Low back pain
Non-specific low back pain remains a pretty enigmatic and widespread condition. Globally, the number of years lived with disability caused by low back pain have increased by 54% between 1990 and 2015. Low back pain is now the leading cause of global disability.
Most countries have clinical guideline which inform clinical practice. Unfortunately there is a big gap between evidence informed guidelines and the day to day treatment of patients in general practice. This gap perpetuates the ongoing delivery of what has been referred to as low value care.
Low value care
Oftentimes I see patients after they have sought the opinion and therapeutic recommendations of their GP. In many cases of non specific low back pain, this consists of diagnostic imaging (X-ray, MRI and CT) plus the widespread prescription of a variety of drug including paracetamol, non-steroidal anti-inflammatories, skeletal muscle relaxants, selective norepinephrine re-uptake inhibitors, opioids and more recently a hike in the prescription of anti-seizure medications (gabanoids, gabapentin & pregabalin).
Both imaging and drug prescription are constitute low value care and are classified as second line or adjunctive therapy.
With regards to imaging, the evidence is insufficient to know whether MRI findings can be of use to predict the future onset, or the course, of low back pain. Importantly, no evidence exists that imaging improves patient outcomes and guidelines consistently recommend against the routine use of imaging for people with low back pain.
Number needed to treat
All patients prescribed pain medication for low back pain should understand one simple metric. This is called NNT. The number needed to treat before 50% of patients experience a 50% improvement of symptoms. As you can see from the table below, none of the medications commonly prescribed to patients experiencing low back pain are particularly effective and all pain medication has the potential to cause adverse effects – the number needed to harm (NNH). The osteopathic NNT for low back pain varies from 5-8 depending on severity. My guess is that through combining osteopathy, pain education and movement practices we dramatically lower our NNT.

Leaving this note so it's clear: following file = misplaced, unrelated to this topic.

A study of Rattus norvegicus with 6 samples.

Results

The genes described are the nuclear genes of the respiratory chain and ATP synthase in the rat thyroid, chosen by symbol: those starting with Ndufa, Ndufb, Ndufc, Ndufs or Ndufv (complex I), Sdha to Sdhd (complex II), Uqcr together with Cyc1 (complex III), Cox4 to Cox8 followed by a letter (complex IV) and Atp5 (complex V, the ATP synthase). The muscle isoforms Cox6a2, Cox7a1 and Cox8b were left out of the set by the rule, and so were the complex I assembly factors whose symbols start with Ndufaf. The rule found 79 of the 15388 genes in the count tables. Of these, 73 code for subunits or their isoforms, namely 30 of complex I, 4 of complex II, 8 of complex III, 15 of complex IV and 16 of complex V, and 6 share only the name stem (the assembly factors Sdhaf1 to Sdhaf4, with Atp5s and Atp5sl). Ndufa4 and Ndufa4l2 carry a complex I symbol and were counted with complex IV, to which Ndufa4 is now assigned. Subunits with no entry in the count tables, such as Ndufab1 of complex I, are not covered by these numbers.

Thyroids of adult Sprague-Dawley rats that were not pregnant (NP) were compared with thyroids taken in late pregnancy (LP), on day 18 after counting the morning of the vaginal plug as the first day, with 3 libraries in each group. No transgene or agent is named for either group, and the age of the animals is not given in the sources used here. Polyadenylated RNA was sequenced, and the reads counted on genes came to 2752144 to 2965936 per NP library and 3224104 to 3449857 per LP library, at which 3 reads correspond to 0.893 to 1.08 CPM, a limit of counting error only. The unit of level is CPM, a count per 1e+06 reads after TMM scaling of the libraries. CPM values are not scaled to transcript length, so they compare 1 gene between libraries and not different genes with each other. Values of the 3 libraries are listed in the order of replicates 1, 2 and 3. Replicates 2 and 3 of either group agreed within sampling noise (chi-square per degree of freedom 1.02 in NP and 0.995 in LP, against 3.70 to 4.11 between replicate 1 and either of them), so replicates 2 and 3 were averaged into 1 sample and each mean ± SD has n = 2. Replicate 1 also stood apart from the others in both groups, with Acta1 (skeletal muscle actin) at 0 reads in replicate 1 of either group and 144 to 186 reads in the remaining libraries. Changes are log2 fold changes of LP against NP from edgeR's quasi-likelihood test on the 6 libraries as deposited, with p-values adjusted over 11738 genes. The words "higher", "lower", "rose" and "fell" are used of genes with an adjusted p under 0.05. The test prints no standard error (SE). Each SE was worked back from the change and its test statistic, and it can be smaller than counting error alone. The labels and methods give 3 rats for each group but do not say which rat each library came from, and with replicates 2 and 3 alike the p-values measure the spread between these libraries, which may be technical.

It has been recently established that osteopathy also has a distinct dosage response in the treatment of symptomatic (painful) musculoskeletal complaints. Osteopathic treatment effects accumulate and peak at between 2-5 treatments at which time we typically see a dramatic reduction in pain medications, a more optimistic psychological outlook and oftentimes unanticipated functional improvements on top of the symptomatic issue.
It turns out that in my own application of osteopathic principles and clinical guidelines to the treatment of non specific low back pain that I incorporate almost exclusively first line interventions including: pain education, suggestions on how to remain active, movement practices and cognitive behavioural therapy which links back to pain educations in very fruitful ways.
Overall, guidelines now place a greater emphasis on self-management, physical and psychological therapies, and some forms of complementary medicine, and less emphasis on pharmacological and surgical treatments. The reduced emphasis on pharmacological care is shown by the US guidelines, which recommends non pharmacological care as the first treatment option and reserves pharmacological care for patients for whom non pharmacological care has not worked.
Consistent recommendations that underpin high value care are that individuals should be provided with advice and education about the nature of low back pain and radicular pain (e.g sciatica), reassurance that they do not have a serious disease and that symptoms will generally improve over time. Patients require encouragement to avoid excessive bed rest, to remain active and continue with usual activities including work.